ALBANY, N.Y. (CN) – An attempt to limit the size of sugary, high-calorie drinks sold in the Big Apple marked a breach of regulatory authority, New York’s highest court ruled.
Approved two years ago as a key part of former Mayor Michael Bloomberg’s fight against obesity, the “Sugary Drinks Portion Cap Rule” adopted by the New York City Board of Health would have barred restaurants, movie theaters, delis, food carts and other venues from selling sweetened beverages in containers larger than 16 ounces.
Business, labor and civic groups challenged the new rule almost immediately. A judge in Manhattan found the regulation invalid and blocked the city from enforcing it in March 2013.
The Appellate Division’s First Judicial Department unanimously affirmed the decision last summer, and the divided Court of Appeals put the final nail in the ban Thursday.
“By choosing among competing policy goals, without legislative delegation or guidance, the board engaged in law-making and thus infringed upon the legislative jurisdiction of the City Council of New York,” Judge Eugene Pigott wrote for the majority.
While the city contended the board “is a unique body that has inherent legislative authority,” Pigott noted that the city charter recognized the City Council as the sole legislative branch in New York City. “The charter contains no suggestion that the Board of Health has the authority to create laws,” he wrote.
That charter limits the board, like any other administrative agency in the city, to promulgating rules to carry out its delegated duties. “A rule has the force of law, but it is not a law; rather, it ‘implements or applies law or policy,'” Pigott said.
Echoing the finding of the lower courts, the Court of Appeals used the framework established in its 1987 decision in Boreali v. Axelrod to assess whether the Board of Health acted as regulator or legislator in adopting the portion-cap rule.
In Boreali, “we reasoned that ‘to the extent that the agency has built a regulatory scheme on its own conclusions about the appropriate balance of trade-offs between health and cost to particular industries in the private sector, it was acting solely on its own ideas of sound public policy and was therefore operating outside of its proper sphere of authority,'” the ruling states.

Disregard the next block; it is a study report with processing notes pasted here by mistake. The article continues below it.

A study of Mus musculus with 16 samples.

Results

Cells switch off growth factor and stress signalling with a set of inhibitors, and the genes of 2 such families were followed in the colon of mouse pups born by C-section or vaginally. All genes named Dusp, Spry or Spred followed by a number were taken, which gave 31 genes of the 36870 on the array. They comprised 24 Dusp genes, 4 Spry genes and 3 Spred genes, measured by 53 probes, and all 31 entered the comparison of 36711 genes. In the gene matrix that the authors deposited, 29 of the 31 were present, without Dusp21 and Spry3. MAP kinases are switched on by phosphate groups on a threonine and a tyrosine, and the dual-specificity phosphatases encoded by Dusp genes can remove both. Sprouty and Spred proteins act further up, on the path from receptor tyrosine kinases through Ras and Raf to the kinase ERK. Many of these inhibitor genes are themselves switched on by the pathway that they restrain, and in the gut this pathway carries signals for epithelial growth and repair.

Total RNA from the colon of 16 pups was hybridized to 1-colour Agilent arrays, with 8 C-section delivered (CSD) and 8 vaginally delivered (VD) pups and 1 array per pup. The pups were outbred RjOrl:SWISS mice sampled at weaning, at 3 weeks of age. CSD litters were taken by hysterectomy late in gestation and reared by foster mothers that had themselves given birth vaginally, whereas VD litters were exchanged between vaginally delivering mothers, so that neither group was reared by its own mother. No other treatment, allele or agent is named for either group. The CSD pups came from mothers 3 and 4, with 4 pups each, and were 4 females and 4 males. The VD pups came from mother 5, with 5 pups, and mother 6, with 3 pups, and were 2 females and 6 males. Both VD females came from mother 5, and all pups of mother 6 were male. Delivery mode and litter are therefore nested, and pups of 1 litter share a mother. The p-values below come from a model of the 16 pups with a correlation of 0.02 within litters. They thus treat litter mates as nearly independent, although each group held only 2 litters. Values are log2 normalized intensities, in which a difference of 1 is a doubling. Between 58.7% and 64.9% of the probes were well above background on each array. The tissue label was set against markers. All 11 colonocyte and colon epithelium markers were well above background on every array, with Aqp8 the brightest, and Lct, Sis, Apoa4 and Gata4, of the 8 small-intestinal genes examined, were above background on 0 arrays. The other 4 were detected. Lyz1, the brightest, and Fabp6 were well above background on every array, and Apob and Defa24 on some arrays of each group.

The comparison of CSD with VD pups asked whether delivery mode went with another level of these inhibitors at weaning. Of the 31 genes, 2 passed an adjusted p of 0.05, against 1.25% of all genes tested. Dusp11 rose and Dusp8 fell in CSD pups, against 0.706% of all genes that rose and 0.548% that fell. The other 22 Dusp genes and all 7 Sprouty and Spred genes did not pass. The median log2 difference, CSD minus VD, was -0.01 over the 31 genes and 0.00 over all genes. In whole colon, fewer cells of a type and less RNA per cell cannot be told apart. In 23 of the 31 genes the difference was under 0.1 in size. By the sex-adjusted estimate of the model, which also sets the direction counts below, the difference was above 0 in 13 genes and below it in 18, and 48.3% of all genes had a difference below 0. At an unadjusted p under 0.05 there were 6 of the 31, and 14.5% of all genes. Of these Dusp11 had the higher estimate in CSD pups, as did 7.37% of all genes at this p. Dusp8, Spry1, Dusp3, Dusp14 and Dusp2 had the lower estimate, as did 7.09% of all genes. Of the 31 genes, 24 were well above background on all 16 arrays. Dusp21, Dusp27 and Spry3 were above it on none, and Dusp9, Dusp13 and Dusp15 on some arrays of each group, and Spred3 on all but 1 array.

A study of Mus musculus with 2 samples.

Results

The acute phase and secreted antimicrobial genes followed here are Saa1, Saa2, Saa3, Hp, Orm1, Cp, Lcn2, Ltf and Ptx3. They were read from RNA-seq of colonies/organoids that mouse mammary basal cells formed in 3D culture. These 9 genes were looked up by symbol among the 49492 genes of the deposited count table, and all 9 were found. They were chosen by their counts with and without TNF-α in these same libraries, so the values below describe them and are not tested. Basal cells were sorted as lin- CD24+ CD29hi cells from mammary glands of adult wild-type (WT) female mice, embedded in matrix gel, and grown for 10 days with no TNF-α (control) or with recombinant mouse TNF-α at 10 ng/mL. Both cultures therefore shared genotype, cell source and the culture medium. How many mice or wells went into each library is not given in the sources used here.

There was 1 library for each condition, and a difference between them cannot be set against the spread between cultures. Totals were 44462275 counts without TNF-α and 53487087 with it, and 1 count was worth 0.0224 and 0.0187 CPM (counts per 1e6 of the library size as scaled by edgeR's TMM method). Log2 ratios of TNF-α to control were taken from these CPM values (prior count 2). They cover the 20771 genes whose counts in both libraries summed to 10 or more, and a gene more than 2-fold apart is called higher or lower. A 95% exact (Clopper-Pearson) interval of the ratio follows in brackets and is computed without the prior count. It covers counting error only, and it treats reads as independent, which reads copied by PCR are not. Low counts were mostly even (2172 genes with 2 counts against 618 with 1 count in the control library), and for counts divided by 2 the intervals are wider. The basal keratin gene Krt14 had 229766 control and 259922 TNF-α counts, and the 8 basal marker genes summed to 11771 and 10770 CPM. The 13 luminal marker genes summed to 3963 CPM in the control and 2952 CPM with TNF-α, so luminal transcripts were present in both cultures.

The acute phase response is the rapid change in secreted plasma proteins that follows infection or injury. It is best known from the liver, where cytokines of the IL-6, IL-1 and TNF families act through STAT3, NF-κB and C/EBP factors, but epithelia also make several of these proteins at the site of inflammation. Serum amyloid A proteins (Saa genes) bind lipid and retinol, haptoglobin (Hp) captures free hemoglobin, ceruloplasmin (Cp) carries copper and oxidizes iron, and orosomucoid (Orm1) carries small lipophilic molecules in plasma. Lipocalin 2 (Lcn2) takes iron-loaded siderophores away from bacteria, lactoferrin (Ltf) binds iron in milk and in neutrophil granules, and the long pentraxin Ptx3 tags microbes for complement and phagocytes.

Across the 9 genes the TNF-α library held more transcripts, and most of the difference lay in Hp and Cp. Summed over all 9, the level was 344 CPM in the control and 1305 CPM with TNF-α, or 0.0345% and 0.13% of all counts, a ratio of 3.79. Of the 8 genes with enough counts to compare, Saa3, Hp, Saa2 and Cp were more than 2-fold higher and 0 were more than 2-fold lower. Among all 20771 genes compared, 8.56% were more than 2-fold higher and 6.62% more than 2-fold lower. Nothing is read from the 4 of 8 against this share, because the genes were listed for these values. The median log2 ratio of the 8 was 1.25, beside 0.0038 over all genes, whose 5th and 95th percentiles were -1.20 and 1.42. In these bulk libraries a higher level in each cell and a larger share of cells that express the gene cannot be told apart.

With the portion-cap rule, the board was not fleshing out legislation passed by the state Legislature or City Council – since neither has done so, Pigott wrote. “Devising an entirely new rule that significantly changes the manner in which sugary beverages are provided to customers at eating establishments is not an auxiliary selection of means to an end; it reflects a new policy choice,” he said.
Judges Victoria Graffeo, Robert Smith and Sheila Abdus-Salaam joined Smith’s 20-page opinion. Abdus-Salaam wrote a separate concurring opinion “to emphasize the carefully circumscribed nature of the court’s decision.”
“No one should read today’s decision too broadly,” she wrote. “We simply conclude that, under the circumstances in this case, the board ran afoul of the separation of powers principles by creating the portion cap rule.”
Chief Judge Jonathan Lippman joined a dissent by Judge Susan Read in which she found noting wrong with the failure by the City Council to authorize the portion-cap rule or otherwise regulate sugary drinks.
“There is no question that the portion cap rule falls comfortably within the broad delegation granted to the board by the Legislature,” Read wrote.
“The majority fails to advance any persuasive argument why the judiciary should step into the middle of a debate over public health policy and prohibit the board from implementing a measure designed to reduce chronic health risks associated with sugary beverages just because the council has not chosen to act in this area,” the 26-page dissent concludes.
Criticizing the court’s application of the Boreali standard, Read said “the majority misapprehends, mischaracterizes and thereby curtails the powers of the New York City Board of Health to address the public health threats of the early 21st century,” including obesity.
“Neither Boreali nor any other doctrine in our jurisprudence compels this unhappy result,” she added.
Read reached back to 1796 to sketch out the history of public health regulation in New York City, saying that the Board of Health had a mandate from the state Legislature to “act independently.”
“Its regulations have the force and effect of state law,” Read wrote of the board.
Richard Dearing of the New York City Law Department argued for the city appellants, which included the Board of Health, the Department of Health and Mental Hygiene, and then-Health Commissioner Dr. Thomas Farley.
Richard Bress of Latham & Watkins in Washington, D.C., represented the plaintiffs, which included the New York Statewide Coalition of Hispanic Chambers of Commerce, the New York Korean-American Grocers Association, the Soft Drink and Brewery Workers Union, the National Restaurant Association and the American Beverage Association.
Amicus curiae briefs were submitted by many others: trade groups, professional associations, research and policy centers, and law professors. New York City’s Public Advocate and 32 members of the City Council also weighed in, according to Pigott’s opinion. He thanked them for the briefs, describing them as being “of considerable assistance to us in our deliberations.”